Who we are
In March 2010, the Center for Gender Research at Uppsala University, Isabelle Dussauge and Anelis Kaiser Trujillo in particular, launched the first international and transdisciplinary NeuroGenderings workshop. Entitled "NeuroGenderings: Critical Studies of the Sexed Brain", it brought together experts from different disciplines to identify theoretical and methodological strategies for social scientists, cultural scientists and neuroscientists to engage with radical, intersectional feminist and queer studies of the brain.
The NeuroGenderings Network was born at this meeting. Founding members included Anelis Kaiser Trujillo, Isabelle Dussauge, Sigrid Schmitz, Deboleena Roy, Hannah Fitsch, Cynthia Kraus, Rebecca Jordan-Young, Catherine Vidal, Cordelia Fine, Emily Ngubia Kessé, Raffaella Rumiati, Kathrin Nikoleyczik, Marianne Regard, and Iris Sommer. Most of this group has continued to engage as the core group for the Network.
The first meeting of the NeuroGenderings Network, in Uppsala,
Sweden, March 2010.
The network was founded to bring together feminist researchers working on brain issues. The international network represents a broad range of disciplines such as neuroscience, the humanities, social and cultural studies, gender and queer studies, feminist science studies, and science and technology studies. Research in the network focuses on a variety of issues related to gender and the brain; our goals include evaluating the current state of neuroscientific methods, findings, representations and interpretations of empirical brain research (neurofeminism), initiating dialogue across disciplinary boundaries, and developing detailed and enriched approaches to neuroscientific analyses (feminist neuroscience). Moreover, the NeuroGenderings Network aims to develop concepts for more reflective debates in education and in all social spheres (an approach we call neuropedagogies). The Network published its first joint findings in a special issue of the journal Neuroethics, entitled "Neuroethics and Gender" (for an overview, see Dussauge & Kaiser, 2012).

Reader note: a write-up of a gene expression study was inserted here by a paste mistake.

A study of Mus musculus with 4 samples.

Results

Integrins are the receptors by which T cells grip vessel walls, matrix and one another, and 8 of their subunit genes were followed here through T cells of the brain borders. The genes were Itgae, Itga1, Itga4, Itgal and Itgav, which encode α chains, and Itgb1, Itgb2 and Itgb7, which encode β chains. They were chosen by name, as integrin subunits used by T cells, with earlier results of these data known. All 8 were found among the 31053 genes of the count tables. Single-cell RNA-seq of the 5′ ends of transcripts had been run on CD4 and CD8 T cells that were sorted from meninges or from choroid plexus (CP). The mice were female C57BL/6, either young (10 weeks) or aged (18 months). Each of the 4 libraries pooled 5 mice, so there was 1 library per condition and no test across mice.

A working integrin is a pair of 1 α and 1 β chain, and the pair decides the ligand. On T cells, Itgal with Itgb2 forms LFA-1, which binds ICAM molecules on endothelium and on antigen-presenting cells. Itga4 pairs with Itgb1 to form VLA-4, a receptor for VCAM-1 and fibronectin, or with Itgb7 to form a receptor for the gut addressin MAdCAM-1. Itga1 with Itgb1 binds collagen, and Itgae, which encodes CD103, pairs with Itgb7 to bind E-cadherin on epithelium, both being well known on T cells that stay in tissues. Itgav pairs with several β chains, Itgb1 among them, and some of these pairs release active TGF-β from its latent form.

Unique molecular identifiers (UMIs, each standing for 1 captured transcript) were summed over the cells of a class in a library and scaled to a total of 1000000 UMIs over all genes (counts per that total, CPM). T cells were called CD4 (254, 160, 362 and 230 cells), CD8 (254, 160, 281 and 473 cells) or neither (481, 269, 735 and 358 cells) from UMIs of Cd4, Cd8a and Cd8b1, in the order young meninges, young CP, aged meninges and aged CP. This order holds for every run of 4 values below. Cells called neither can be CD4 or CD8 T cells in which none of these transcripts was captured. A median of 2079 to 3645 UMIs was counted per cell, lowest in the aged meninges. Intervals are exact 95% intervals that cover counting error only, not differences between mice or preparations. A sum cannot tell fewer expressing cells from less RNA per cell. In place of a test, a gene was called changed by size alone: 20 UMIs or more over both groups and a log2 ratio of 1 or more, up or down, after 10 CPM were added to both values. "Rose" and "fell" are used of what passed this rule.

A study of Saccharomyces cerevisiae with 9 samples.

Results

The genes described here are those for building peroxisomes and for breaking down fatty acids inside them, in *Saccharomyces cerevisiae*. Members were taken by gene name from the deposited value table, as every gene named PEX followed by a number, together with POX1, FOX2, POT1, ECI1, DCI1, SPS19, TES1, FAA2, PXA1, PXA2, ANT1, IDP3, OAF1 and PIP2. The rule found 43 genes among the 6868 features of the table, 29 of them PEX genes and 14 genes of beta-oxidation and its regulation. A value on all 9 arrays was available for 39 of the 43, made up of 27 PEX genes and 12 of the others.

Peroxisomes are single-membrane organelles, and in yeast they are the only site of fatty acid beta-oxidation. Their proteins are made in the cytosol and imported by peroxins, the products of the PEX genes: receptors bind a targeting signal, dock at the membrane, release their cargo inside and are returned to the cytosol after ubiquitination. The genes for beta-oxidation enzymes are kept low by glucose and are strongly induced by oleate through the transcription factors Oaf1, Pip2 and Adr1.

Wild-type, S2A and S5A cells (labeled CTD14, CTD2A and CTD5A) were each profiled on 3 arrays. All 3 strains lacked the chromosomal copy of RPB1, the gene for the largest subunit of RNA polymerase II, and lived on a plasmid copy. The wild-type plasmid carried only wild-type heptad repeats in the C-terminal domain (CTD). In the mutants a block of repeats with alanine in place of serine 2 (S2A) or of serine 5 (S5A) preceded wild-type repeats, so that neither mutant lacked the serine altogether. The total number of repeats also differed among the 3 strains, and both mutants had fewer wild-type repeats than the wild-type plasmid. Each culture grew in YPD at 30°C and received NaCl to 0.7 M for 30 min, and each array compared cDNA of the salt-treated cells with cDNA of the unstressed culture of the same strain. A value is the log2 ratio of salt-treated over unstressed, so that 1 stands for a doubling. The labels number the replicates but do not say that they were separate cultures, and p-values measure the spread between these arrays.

Our feminism has always been reflected both in the approaches we take to studying the brain and in the way we work with each other. In terms of the former, this means that we recognise that the production and dissemination of knowledge is never neutral, but implicated in power relations - i.e. politics. Similarly, in terms of the latter, we recognise that we ourselves are unequally situated in relation to power, and we commit to doing the work necessary to be aware of and accountable for these power differences. In other words, we are not a ‚neutral‘ academic body, nor are we simply an ahistorical or apolitical professional network that functions to advance the work of individual members. We are a feminist collective dedicated to using our specific skills of critical intellectual engagement to challenge the unjust power relations that are too often reinforced by uncritical work on ‚brains‘. We feel strongly that our challenges must be holistic and broad - not just focused on 'sexism' in any narrow sense, but intersectionally whenever and wherever 'science' is used overtly or covertly to support unequal power relations of gender, race, sexuality, ability and other systematic structures of normativity, exclusion and violence.
We are not a laboratory, we have no leader. The collective communication structure of the network works slowly, we have no financial resources and no academic institutionalisation. We are not an association, we do not pay fees. So sometimes our process of collectively building a common opinion is not rapid.